A Future for the Pro-Life Movement
Abortion is undoubtedly a complex moral issue, and I sympathize with those who passionately argue for its abolition. But our system is designed to encourage individuals, not the state, to make tough moral decisions. And, like past social movements, this might not be resolvable though legislation. David wrote on the subject last year. His roadmap for a successful pro-life movement built upon persuasion, instead of legislation, is worth restating.
Imagine if we had a pro-life movement that said the following: “We’re not trying to change any laws. But we want you to take a look at these pictures of the child in the womb and decide for yourself that abortion is wrong. We will study why particular women have particular abortions and see if there are things we can collectively do to reduce the pressures that cause women to end their pregnancies in this way. We will measure our success not by what we are able to criminalize, but by reductions in abortion’s frequency. We’re already 1/3 of the way to our goal, as compared to 1980, and with continued effort we hope to achieve continuing reductions in the future.”
Such a statement would involve some considerable changes in the thinking of the pro-life movement. It would mean the end of abortion’s signifier as a symbol of everything that is wrong with the modern world. It would sever abortion from the larger debate over sexuality and spirituality–just as alcohol has been separated from debates over ethnicity and spirituality. And it would define success in terms of abortion reduction rather than abortion prohibition.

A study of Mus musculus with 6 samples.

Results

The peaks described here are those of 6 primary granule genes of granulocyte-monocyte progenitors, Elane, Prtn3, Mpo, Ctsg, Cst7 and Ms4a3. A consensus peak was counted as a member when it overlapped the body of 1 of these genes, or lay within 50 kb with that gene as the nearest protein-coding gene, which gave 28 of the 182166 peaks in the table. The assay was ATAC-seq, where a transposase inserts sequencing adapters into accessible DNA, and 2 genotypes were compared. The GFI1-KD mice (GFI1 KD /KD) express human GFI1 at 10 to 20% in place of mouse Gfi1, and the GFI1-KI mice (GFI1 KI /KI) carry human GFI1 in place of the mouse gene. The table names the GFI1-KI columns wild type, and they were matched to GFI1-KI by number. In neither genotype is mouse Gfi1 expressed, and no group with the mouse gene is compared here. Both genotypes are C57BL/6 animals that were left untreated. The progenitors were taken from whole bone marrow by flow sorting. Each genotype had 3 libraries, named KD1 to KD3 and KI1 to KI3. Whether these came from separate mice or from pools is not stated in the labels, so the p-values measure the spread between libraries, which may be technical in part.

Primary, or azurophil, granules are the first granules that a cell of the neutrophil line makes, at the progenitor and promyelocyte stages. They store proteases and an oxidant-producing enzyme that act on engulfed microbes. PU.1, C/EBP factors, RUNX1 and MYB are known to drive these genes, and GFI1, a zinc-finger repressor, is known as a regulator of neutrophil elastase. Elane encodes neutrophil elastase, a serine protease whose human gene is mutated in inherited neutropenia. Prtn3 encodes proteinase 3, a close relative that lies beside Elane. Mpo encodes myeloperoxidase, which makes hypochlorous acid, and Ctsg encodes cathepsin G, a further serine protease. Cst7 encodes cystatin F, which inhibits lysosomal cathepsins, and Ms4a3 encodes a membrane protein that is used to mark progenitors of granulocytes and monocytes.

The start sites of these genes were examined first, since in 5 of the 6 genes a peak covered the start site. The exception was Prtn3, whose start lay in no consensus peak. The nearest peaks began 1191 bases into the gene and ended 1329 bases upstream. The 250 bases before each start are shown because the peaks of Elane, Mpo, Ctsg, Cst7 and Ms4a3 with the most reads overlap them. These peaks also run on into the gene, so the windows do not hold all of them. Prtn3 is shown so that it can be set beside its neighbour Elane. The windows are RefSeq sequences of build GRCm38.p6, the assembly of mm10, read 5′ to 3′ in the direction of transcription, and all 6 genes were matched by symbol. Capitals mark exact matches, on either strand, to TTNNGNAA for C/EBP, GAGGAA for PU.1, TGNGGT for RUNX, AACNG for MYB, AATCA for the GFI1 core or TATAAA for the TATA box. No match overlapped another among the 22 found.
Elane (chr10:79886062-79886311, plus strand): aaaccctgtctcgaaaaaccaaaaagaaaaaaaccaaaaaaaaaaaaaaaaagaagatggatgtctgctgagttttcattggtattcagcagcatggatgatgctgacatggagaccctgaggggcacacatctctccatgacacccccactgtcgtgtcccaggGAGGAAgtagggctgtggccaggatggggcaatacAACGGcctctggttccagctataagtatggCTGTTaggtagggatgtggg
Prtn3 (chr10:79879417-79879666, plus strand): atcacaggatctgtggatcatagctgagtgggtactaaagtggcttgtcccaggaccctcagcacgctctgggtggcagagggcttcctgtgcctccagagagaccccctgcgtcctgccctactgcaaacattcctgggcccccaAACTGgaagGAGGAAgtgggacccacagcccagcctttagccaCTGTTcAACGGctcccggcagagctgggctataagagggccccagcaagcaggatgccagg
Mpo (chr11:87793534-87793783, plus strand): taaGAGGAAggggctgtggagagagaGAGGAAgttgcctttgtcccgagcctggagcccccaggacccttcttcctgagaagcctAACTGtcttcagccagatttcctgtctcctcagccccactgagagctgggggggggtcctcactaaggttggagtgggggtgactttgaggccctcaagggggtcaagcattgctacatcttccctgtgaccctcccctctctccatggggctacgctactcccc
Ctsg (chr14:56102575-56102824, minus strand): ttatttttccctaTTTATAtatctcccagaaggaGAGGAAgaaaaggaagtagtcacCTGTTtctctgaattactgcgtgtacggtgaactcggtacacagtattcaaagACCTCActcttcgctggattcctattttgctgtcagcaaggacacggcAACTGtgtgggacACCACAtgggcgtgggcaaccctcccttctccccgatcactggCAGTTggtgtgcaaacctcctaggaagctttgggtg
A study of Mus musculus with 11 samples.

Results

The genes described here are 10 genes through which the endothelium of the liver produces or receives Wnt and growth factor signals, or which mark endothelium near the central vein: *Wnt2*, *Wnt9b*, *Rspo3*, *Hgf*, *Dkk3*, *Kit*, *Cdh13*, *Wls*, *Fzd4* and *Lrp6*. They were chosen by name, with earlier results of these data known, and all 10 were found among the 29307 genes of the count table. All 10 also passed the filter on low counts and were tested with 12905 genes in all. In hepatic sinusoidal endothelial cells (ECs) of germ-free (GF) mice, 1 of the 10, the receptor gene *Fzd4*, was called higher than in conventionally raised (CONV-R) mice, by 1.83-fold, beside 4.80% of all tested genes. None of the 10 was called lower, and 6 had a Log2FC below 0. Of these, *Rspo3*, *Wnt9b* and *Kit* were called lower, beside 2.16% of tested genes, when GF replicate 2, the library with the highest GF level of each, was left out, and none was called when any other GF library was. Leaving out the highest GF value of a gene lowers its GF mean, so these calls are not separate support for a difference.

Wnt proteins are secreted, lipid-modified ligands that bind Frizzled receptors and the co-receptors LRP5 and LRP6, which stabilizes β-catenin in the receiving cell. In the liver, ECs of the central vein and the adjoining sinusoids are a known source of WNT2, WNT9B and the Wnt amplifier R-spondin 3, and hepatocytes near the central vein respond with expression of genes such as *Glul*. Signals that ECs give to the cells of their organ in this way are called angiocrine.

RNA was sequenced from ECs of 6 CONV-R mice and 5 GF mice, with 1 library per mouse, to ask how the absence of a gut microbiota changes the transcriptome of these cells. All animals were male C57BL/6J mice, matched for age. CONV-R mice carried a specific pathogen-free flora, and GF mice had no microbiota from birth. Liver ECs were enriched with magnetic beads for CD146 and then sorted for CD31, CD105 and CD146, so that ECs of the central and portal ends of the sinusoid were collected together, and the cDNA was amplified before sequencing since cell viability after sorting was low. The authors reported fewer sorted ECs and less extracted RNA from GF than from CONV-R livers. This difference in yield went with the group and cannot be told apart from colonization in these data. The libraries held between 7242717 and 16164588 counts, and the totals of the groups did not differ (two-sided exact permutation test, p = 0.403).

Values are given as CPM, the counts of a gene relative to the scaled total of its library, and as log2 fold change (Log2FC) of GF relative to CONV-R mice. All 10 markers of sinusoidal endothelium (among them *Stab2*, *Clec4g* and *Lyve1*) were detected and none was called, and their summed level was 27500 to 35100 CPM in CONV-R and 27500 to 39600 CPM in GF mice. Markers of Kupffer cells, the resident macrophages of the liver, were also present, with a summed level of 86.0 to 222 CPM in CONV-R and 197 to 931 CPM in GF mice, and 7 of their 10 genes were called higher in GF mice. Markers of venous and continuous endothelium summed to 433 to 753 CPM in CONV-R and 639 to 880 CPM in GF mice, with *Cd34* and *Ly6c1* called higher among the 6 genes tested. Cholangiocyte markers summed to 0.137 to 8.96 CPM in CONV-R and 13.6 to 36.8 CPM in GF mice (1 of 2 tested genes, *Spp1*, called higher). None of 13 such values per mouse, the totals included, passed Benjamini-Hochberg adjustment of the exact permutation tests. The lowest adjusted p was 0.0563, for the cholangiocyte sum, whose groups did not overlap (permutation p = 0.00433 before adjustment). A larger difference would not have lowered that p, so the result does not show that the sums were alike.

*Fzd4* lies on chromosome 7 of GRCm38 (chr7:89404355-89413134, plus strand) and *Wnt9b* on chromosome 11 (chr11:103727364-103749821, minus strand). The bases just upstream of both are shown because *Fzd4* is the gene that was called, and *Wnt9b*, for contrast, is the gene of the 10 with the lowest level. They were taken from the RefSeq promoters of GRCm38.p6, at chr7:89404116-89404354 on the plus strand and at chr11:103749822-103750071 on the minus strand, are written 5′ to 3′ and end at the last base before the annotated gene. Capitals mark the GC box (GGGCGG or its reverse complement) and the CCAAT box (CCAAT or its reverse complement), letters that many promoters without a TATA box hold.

I wonder if Mr. Schmitz would find such an outcome acceptable. Possibly he would not – even if it brought us to a world in which the abortion rate was reduced from the former 30 per 1000 women of child-bearing age beyond the present 20 to a future of 10 or 8 or 5. He might say: no compromise is possible on this vital moral concern!
That’s exactly what the old anti-saloon-league people said too. But eventually the political system answers: issues on which no compromise is possible are issues that do not belong in politics at all. They must either be resolved by war (as slavery was) or by removal from politics altogether. America won’t fight a war over abortion, and so the most likely future for the abortion issue is that it will be resolved in the same way we resolved the problem, “Which religion shall be chosen as the official religion of the state?” We resolved the problem by ceasing to ask the question.